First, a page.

During these 18 months of chronicling Coppertop gardens, I’ve spent plenty of time discovering and identifying plants that were previously unknown to me. Some of the discoveries have amused me and others have encouraged me to dig deeper.
This month is the height of one of the little-known herbaceous perennials at Coppertop I hadn’t yet identified. Its aromatic, ferny foliage adds a delicate touch to a couple of our perennial beds, although its flowers are nondescript yellow buttons in flat-topped clusters called corymbs. Other than yearly enjoyment of daffodils, yellow tulips, and sunflowers, I tend to shy away from yellow in the garden.
Today I read through garden books and internet sources to learn this plant’s name: Tanacetum vulgare or common tansy. It’s a member of the Asteraceae family and blooms at our altitude concurrently with my New York asters in late summer/early autumn. Tansy is also known as cow bitter, golden buttons, or bitter buttons.
The lacy foliage is my favorite part of tansy. These feathery greens add an airiness to bouquets. While this perennial can grow up to four feet in height, mine top out at just under three feet.
Used for centuries as a medicinal herb, tansy is effective as a general insect repellant, deterring many non-nectar eating insects. When crushed between my fingers, the plant smells like camphor or strong mint mixed with rosemary. Specifically, research shows it repels some wasps, Japanese beetles, striped cucumber beetles, squash bugs, sugar ants, mice, fleas and moths while remaining particularly attractive to honeybees. This all makes tansy a useful companion herb in the veggie garden. I’ve also read that tansy helps to concentrate potassium in the soil making it an excellent herb to plant near compost heaps.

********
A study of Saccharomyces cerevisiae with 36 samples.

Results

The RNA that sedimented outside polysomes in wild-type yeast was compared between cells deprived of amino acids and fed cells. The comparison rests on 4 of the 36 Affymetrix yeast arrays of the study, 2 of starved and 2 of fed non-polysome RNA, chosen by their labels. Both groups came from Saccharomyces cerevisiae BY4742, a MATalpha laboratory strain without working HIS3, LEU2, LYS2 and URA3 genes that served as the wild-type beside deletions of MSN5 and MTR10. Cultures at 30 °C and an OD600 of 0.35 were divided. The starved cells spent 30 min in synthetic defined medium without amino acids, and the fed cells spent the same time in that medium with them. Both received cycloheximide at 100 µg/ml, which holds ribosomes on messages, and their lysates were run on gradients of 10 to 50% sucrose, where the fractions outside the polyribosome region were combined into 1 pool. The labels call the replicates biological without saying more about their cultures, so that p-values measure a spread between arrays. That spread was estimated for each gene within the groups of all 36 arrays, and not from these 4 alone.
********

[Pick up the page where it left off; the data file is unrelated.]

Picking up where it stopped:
Benefits aside, tansy spreads easily, both by rhizomes and self-seeding. One plant may produce 1,000 to 10,000 seeds per season. Deadheading spent blooms before the seeds fall keeps self-seeding to a minimum; better yet, shearing off the flowering stems before they bloom, like I do with hostas and lamb’s ear, avoids all threat of self-seeding. Varieties of tansy are mentioned on some of the northern states’ invasive weed lists, so plant at your own risk. Another caution: Tansy is poisonous in large doses.